MOSSOM HATCHERY: Raising salmon not just about the creek
Approximately 3,000 coho smolts got special limousine service from Mossom Creek hatchery to Port Moody inlet this past month. Babied in an a broth of salt and creek water, and ferried from the Ioco Boat Club to sea pens further out in the harbour, the silvery fish were gently deposited into pens where they will fatten up before embarking on their journey out to sea.
With a keen homing instinct and some luck, they will return, closing a circle that began 18 months earlier when Mossom Creek Hatchery volunteers and members of the Burrard Inlet Marine Enhancement Society (BIMES) plucked them as blood-red eggs from brood stock and put them in trays for safe keeping and maturation.
At the wheel of the Medusa 2 for the smolts' trip was George Assaf, who carefully steered a skiff from dock to dock surrounded by a crew of teenagers, senior citizens, BIMES members, a few moms and dads, and a dog.
This annual trek is just one of the duties of BIMES volunteers and, Ruth Foster said, one of the most important in the nearly 40-year-effort to rebuild salmon stocks in Mossom Creek.
These coho are the healthy remains of a fire that burned down the hatchery in December and destroyed thousands of coho, chum and pink salmon eggs.
Those smolts now represent the hopes and dreams of a rebuilt hatchery.
"This is the most delicate stage," Foster said of the slim silver adolescents that have been raised from the egg stage by volunteers and students in Centennial secondary school's Salmon Project Club.
The fish are transitioning to a more mature stage after the months of care and, at the time of the visit to the inlet, were ready to move from a fresh water environment to the salty sea. Like anxious parents letting their teens out for the first time, the volunteers hovered around the fish and the tanks, and took turns offering to feed them over the next several days until the smolts were ready to be released.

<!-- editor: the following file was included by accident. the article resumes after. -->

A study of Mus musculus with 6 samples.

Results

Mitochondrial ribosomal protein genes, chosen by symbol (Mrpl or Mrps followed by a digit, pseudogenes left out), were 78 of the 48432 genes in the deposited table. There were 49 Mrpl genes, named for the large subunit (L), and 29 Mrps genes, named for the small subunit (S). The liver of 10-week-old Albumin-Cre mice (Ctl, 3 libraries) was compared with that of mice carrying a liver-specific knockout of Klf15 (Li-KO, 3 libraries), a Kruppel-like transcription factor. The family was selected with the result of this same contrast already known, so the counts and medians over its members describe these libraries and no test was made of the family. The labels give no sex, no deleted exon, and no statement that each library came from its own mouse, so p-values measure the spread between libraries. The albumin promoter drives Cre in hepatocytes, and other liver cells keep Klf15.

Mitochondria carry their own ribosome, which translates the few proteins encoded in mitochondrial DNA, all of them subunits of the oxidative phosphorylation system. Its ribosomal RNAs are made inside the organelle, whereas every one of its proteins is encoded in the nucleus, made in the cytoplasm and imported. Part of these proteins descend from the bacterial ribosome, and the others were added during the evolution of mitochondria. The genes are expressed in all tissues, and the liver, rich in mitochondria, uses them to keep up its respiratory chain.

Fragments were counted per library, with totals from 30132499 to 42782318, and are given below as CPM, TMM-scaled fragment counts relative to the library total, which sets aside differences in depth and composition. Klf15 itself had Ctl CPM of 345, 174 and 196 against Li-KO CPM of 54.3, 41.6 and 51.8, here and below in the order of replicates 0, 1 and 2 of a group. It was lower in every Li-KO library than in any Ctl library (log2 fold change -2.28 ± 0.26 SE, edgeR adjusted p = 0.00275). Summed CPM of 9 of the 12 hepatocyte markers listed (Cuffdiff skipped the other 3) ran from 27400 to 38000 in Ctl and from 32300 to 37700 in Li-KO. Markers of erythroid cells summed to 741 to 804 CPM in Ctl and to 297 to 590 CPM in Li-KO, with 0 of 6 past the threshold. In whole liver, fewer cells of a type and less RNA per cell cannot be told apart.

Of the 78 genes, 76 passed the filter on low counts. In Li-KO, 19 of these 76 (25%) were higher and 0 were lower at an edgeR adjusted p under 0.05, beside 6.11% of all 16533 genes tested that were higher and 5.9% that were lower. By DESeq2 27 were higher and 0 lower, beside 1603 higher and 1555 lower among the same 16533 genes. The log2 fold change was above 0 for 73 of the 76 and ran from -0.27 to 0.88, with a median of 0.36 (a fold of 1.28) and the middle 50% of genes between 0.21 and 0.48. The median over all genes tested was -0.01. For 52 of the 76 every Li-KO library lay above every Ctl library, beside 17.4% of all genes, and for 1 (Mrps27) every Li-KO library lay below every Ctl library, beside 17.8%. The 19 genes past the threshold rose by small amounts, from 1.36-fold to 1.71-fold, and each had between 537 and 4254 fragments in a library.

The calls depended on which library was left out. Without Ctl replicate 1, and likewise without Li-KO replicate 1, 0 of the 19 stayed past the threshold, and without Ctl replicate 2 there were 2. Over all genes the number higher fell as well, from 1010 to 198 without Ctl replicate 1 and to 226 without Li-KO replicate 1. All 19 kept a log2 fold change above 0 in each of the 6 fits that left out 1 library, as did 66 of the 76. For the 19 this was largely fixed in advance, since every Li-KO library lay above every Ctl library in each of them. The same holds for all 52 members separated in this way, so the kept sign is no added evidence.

It's a job the volunteers relish — assisting with the cycle of life — and the work has paid off. In 2013, for example, 130 coho returned to Mossom out of 6,000 smolts that were released.
"For me personally, I enjoy helping to stabilize the salmon population," said Geric Coutts, a Grade 12 student from Port Moody's Heritage Woods secondary school.
"The hatchery is very important to the community," agreed Warren Dupasquier, also a graduating Heritage Woods student, who has worked at the hatchery since 2013.
Now that the facility is in the rebuilding phase — and significant funds are needed to finish off the work — volunteers, donations and support are needed more than ever, said Foster, who is helping to organize a fundraiser slated for Sunday, July 13 (see sidebar).
"This is a critical time for the salmon but it's also a critical time for us," Foster said.
In addition to its hatchery work, BIMES advocates for the health of the entire inlet and conducts research, and its members are involved in partnerships with other organizations to monitor marine wildlife such as sea lions, herring spawn, seals and other creatures of the ocean. It also has intervenor status at National Energy Board hearings for the proposed Trans Mountain Pipeline expansion.
Here, on the calm waters of Port Moody inlet under a cloudless sky, however, much of that work is invisible. There are just clear waters, a healthy collection of coho smolts swimming in their sea pens, and a group of hard-working volunteers — and a dog enjoying a day in the sun.